San Fernando Valley Service Cuts Hearing Report

Francisca Sanchez didn’t testify but made her opinion known.

More than 60 people showed up to ask Metro to cancel or modify some of their proposed service cuts in San Fernando Valley earlier this evening (Wednesday). What wasn’t surprising was that so many members of the public came out on a Christian religious holiday, but that the members of the Service Sector Board (more on that tomorrow) seemed as aghast at the proposed cuts as the general public was.

Service cuts hearings are a rare time when the transit activist groups can all agree. A representative from the BRU wondered what happened to the promise that last year’s fare increase while the Transit Coalition raged that proposed cuts are "destroying the bus network." A representative for SO.CA.TA also spoke against some of the cuts, but I he was speaking so fast (to try and get his comments within the limit) and was speaking on so many different lines that I had trouble following him.

It wasn’t just the usual suspects blasting Metro’s plans. Advocates for the disabled, the elderly, college students at L.A. Mission College (who would lose the only transit line to their campus) and a representative for Assemblyman Felipe Fuentes all testified against parts or all of the planned cuts. There was even a cameo appearance from a representative for LADOT who called the proposal "premature" and noted the plan would "inconvenience a lot of people."

There were plenty of members of the riding public who weren’t there to move an agenda, but to plead for the lines that connect them from where they live to where they work, shop, worship, eat and play.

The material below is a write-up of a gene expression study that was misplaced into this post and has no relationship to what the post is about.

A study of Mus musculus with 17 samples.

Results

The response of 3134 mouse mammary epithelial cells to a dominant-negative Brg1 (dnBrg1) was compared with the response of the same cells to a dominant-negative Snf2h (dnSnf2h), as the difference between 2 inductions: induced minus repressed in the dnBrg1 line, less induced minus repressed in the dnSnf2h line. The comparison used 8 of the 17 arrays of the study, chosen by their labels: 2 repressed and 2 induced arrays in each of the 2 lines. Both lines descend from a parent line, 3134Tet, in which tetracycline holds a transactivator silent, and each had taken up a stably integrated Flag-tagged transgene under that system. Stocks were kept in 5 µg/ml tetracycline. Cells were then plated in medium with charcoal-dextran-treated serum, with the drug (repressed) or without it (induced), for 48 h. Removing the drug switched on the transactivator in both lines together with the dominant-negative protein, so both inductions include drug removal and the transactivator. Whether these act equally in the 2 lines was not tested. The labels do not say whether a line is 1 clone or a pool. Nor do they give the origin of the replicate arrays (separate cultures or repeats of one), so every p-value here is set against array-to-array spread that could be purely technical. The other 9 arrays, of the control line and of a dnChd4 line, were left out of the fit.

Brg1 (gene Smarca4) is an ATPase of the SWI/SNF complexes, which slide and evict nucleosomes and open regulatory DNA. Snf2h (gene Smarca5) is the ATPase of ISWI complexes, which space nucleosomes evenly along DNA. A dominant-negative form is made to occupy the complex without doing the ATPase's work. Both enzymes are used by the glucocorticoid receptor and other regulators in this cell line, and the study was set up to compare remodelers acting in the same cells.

Sean Ewell Murphy, speaking on behalf of his wife, noted that cutting Line 224 would lead to his wife having to walk over a mile just to reach the bus stop and warned the board that "you would disenfranchise her from riding the bus." Bus rider Chuck Erickson noted that he rode line 154 to the hearing and "It didn’t seem empty to me." The 154 is one of the routes that may be eliminated.

Some of the commentors noted that previous cuts had left service so poor on lines that it isn’t a surprise that people are abandoning the lines. Others noted that some of the routes due to be cut are heading toward major trip generators in the future. For example, NBC Studios is moving many of its operations to Universal Studios who’s line from San Fernando is being cut.

The most popular lines that are facing the ax are the 154 and 155 out of Burbank Station, 168 (connecting San Fernando to Chatsworth) and the 634 (which is the aforementioned connection to L.A. Mission College.) While each line will be fought for individually by those that ride it, more than one person testifying that they could think of a way for Metro to trim a lot of the $100 million needed to close its operating deficit.

  • Kymberleigh Richards

    Of course, what most people who believe service could be preserved if construction projects were halted don’t know (because the BRU has done such a great job at blurring reality) is that money used for capital projects, such as rail construction, are a separate “pot” of money than that used to operate service.

    And capital funds cannot be used to operate service. There are legal restrictions on both the state and federal level which prevents the Metro Board of Directors from doing so.

    While I agree that the rail gating proposal is a bad idea, the money that would be used to install those gates would be capital funds. (The fact that there would be an annual operating cost, which would come from funds that could run bus service, is a different matter that doesn’t enter into the present discussion on bus service reductions.)

    So calling for a halt to capital projects as a “solution” to the service cuts is not going to find an audience at the Metro Board, because they already know it isn’t legally an option. In fact, every time the BRU insists that, they lose a little more credibility before the Board.